How to Talk to Your Pediatrician

When I was pregnant for the first time, I began my search for the perfect pediatrician. I made appointments to “interview” the perspective doctors and take a look at their practice. It seemed like the right thing to do, but many doctors were not accustomed to this type of “meet and greet”. I do think however, that they all appreciated my interest. Building a relationship with your doctor takes time and a willingness to fully participate. Over the years I got to know Dr. B and he became very well acquainted with my family. I asked many questions and discussed best practice when there was a choice. We didn’t always agree, but our discussions and disagreements were respectful. That respect helps you when tough decisions are to be made.

I continued to ask questions and often came prepared with information for my doctor to help with assessing the issues. It is important that if you disagree with your doctor’s advice, you should ask for a second opinion. You need to feel comfortable with the path you take. Below are a few tips on how to talk with the doctor. I combined my ideas with the CDC’ s recommendations. Remember you are the expert on your child. It is up to you to give the doctor the information he needs to understand your whole child. You are a team when it comes to your child’s medical and developmental health.

  1. Prepare for your visit to the doctor: If you have specific concerns, write them down so you don’t forget in the moment. Bring in that paper to help you relate your concerns to the doctor. If you are concerned about development, give specific instances or examples to help your doctor understand more fully your concerns. For further information request that your doctor perform a screening to assess where your child is developmentally.

  2. Ask all your questions at the visit: If your doctor seems to be in a hurry or you are unable to get your questions answered, ask if you can have follow up appointment or phone call. Take notes as to what the doctor has said to help you explain to a family member or when you need to follow up.

  3. Make sure you have processed what the doctor has said and understand what to do next. ( Restate what you have heard)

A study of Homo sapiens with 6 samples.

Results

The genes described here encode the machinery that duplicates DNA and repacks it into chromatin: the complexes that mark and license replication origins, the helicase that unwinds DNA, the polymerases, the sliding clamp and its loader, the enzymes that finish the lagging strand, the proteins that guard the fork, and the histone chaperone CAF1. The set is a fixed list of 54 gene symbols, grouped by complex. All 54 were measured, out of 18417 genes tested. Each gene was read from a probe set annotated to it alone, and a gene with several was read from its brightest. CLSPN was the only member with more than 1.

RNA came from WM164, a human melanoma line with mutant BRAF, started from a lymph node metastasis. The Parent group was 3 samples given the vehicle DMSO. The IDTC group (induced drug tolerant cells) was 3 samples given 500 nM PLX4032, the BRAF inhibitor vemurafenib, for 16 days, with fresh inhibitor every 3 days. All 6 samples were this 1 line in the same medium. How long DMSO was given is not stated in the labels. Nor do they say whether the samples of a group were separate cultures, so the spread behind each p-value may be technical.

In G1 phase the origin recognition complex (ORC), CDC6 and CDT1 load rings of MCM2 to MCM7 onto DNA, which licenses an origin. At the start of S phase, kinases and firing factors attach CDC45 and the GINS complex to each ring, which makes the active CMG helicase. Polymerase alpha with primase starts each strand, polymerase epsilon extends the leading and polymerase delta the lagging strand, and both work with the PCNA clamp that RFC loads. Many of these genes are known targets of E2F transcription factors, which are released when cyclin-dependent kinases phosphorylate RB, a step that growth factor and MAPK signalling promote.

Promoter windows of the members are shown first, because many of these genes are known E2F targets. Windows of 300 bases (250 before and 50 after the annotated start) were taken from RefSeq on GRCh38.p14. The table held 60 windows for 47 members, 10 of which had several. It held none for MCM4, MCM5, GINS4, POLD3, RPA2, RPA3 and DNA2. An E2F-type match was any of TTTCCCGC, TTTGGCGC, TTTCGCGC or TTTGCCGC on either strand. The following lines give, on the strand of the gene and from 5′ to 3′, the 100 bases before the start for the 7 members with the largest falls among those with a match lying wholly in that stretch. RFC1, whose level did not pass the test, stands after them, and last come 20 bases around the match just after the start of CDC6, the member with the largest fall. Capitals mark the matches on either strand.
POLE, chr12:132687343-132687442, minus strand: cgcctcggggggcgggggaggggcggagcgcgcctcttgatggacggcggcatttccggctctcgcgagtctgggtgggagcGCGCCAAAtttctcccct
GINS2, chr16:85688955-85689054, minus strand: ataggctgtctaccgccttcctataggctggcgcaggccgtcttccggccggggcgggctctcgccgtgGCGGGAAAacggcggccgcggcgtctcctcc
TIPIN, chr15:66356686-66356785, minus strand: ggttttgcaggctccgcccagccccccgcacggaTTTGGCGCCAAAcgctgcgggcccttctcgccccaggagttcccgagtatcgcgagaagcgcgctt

Your doctor may tell you to wait until the next visit or call a local community resource, or he may give you specific directions.

Be sure to follow up on activities and instructions when you are home, and then tell your doctor how it went.

There are many important decisions we as parents make as we navigate our children through childhood. Listening to our family and friends is not always helpful. Trusting our doctor to know the facts and give us sound medical advice is essential.

For more information on possible developmental concerns/milestones and what to do next: www.cdc.govbe/actearly

Should I Spank?

Is It Ever Alright to Spank?

Over the years in my work with children and families I have heard many parents say,“ I spank my child when they misbehave; it works,” and then add defensively, “I was spanked when I was a child and I am well adjusted.”

Spanking was a “hot topic” when I was a new mother 30 years ago and it is still one today. When a child is out of control we feel limited in our ability to control the situation. Spanking does often stop the behavior for a short time, which calms the immediate situation. While it stops the behavior it does not teach what we do want to see the next time.

Sal Severe, Ph.D, and author of the book How to Behave So Your Children Will Too! writes, “A spanking can result in good behavior, just as a candy bar can buy peace and quiet in the supermarket. Using candy to quiet a tantrum is a temporary solution- you will be feeding your child a lot of candy to keep him quiet in the further. In the same way spanking is a temporary solution.”

As a parent, we all want to teach our children how to behave as a future member of society. When we spank we are teaching our child that hitting is the way to solve a problem. We are also teaching them that when I am older or bigger I can hit too, and finally we are teaching them that although we say hitting is wrong…our actions show it is alright. This behavior is confusing to the developing child who wants to emulate his parent.

If we understand that discipline means to teach and we acknowledge that we want to teach our children what to do rather than what not to do, then spanking is not an effective method of discipline.

When your child is out of control, remember that it may be a normal part of the development of self… growing independence. It may also indicate a child who is over stimulated or dis-regulated. Knowing ahead of time what triggers your child will help you in your response. Children with disability often have trouble with regulation throughout the day. Setting up boundaries, routines and limits ahead of time will help you to think through the issue before acting, and will help your child anticipate what to expect. Prevention is key to positive behavior. As they grow, consequences for poor choices are necessary, but if the consequence correlates with the offense i.e. loosing the toy when you throw it, then behavior can be changed.

“A child who is spanked is likely to remember your physical force far longer than what he did wrong. Therefore hitting a child imparts no lasting lesson about the right way to behave.” Parenting, A Guide to Positive Discipline, by Paula Spencer.

If you are interested in learning more about positive discipline and strategies that work, sign up for our next Positive Parenting Class which will be offered again in February. You can call your counselor for more details.

About this Blog

The HRC Blog will be a place for sharing information on special topics of interest such as family support, early childhood development, etc. Submit blog entries to Nancy.Spiegel@harborrc.org.